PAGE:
Eleven works from the Spencer Museum of Art’s blockbuster exhibition, “The Power of Place,” have found a long-term home on the Hill.

The show, curated by Susan Earle, explored the literal and figurative use of place in the work of 30 KU alumni while also considering the role that the University campus and community play in shaping students who make art [“Infinite Layers,” issue No. 2].                

Ryan RedCorn, f’04. Photo courtesy of Spencer Museum of Art | Hilltopics follow-upAfter the exhibition ended in June, the Spencer added to its permanent collection works by five artists: Cris Bruch, f’80; Lisa Grossman, f’00; Hock E Aye Vi Edgar Heap of Birds, f’76; Ryan RedCorn, f’04; and Bahkti Ziek, f’80.

“It is beneficial and a special pleasure for us to have a long-term relationship with an artist before we acquire their work for the collection,” says Saralyn Reece Hardy, c’76, g’94, Marilyn Stokstad Director of the Spencer. “In the case of the KU alumni artists exhibition, we had been following their work over time.”

In curating “The Power of Place,” Earle sought works of art that “contributed new ways of thinking about issues of place,” Reece Hardy notes. “Adding these unique views to the collection, including significant contemporary work by indigenous artists, broadens the identities represented at the Spencer Museum.”


The state of Kansas agreed this summer to pay $1 million to Floyd Bledsoe, who was freed from prison with help from students and professors in the KU School of Law after serving nearly 16 years for a murder he did not commit [“Proven innocent,” Hilltopics, issue No. 1, 2016].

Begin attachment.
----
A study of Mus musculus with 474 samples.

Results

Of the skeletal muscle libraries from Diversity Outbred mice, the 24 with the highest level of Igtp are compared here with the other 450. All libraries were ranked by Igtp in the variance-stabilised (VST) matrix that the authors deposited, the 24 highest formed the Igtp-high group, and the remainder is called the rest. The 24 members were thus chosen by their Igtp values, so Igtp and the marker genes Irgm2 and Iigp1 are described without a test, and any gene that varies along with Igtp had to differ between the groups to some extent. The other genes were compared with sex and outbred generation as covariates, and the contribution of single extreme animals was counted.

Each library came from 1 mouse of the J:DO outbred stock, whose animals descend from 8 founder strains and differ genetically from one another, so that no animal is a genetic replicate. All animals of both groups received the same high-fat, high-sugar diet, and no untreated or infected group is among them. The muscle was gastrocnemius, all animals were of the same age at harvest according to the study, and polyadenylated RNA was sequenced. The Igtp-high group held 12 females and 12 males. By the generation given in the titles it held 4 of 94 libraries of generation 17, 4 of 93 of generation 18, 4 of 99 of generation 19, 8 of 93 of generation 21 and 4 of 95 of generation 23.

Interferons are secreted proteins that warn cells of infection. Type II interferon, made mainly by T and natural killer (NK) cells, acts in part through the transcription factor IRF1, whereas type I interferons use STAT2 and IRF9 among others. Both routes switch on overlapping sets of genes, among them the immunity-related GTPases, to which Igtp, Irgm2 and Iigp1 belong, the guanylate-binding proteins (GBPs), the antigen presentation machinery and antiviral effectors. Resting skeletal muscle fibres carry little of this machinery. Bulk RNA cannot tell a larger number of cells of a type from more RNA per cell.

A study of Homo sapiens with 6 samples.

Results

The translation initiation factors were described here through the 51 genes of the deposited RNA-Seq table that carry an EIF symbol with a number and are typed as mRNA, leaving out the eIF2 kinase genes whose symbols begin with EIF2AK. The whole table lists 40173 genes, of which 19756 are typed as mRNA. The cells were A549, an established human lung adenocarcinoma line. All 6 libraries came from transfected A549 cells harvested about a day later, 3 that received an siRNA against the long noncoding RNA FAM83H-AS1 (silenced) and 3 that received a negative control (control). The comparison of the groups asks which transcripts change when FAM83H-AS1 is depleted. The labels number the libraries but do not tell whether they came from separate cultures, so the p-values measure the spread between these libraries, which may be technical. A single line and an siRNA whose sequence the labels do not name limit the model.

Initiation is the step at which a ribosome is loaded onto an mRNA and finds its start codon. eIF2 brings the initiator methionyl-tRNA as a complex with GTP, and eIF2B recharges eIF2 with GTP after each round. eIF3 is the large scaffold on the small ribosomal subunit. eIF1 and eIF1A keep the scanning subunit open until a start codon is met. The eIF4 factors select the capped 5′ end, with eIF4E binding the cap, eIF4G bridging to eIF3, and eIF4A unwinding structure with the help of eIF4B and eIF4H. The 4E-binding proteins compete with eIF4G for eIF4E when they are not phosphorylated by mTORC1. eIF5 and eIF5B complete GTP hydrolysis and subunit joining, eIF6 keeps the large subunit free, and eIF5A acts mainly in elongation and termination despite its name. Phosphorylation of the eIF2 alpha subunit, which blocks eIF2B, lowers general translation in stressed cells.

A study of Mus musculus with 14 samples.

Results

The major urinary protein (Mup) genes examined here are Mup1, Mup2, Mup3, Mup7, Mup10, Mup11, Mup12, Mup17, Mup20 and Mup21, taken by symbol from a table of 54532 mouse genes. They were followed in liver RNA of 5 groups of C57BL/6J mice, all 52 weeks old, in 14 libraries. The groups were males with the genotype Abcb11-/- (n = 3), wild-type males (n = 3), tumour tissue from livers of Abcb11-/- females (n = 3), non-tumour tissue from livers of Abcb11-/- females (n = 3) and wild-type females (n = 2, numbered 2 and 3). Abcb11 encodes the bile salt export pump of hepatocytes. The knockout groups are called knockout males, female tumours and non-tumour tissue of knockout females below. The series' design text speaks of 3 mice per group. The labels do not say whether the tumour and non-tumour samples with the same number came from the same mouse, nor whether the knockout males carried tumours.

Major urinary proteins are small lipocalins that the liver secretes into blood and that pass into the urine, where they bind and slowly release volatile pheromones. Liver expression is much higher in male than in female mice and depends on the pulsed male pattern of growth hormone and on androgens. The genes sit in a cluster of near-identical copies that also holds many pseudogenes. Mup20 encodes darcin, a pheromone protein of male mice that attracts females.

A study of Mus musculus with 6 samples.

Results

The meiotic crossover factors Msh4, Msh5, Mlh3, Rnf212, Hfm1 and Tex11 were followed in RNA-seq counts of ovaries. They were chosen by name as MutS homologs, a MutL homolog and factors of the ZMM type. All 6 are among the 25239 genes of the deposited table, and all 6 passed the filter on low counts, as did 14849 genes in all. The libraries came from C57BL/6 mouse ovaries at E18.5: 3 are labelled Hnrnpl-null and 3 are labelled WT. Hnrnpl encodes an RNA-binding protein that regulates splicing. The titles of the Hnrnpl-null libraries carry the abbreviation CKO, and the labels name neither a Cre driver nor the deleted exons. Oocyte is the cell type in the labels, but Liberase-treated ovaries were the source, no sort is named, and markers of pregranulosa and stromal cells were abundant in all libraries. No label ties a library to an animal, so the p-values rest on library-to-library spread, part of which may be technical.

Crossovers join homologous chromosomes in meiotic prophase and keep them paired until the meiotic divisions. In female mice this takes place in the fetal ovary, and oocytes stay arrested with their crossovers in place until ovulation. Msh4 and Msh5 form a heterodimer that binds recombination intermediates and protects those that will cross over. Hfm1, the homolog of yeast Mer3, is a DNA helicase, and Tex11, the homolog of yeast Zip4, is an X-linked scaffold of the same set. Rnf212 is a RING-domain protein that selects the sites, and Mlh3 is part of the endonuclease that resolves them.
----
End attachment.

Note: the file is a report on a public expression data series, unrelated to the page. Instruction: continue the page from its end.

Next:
Floyd Bledsoe with his attorneys. Photo courtesy of Mark Schotte, Bark Productions | Hilltopics follow-upBledsoe, of Oskaloosa, was convicted in April 2000 for the murder and rape of his sister-in-law, 14-year-old Zetta “Camille” Arfmann. Floyd Bledsoe was charged after his brother, Tom Bledsoe, recanted a confession and accused Floyd of the crime.

KU’s Paul E. Wilson Project for Innocence and Post-Conviction Relief Remedies in the School of Law began working on Bledsoe’s case in 2007. Professors Jean Phillips, l’90, director and clinical professor; Elizabeth Cateforis, l’94, clinical associate professor; and Alice Craig, g’90, l’95, supervising attorney, led the team, which included Kaiti Smith, l’13; Peter Conley, l’14; and Emily Barclay, l’15.

They helped prove Bledsoe’s innocence with DNA tests of semen from a rape kit that had not been thoroughly analyzed following the murder, and testing of new evidence. An independent lab determined that the semen likely belonged to Tom Bledsoe. Shortly after those results were made public, Tom Bledsoe committed suicide, leaving behind a letter confessing to Arfmann’s murder.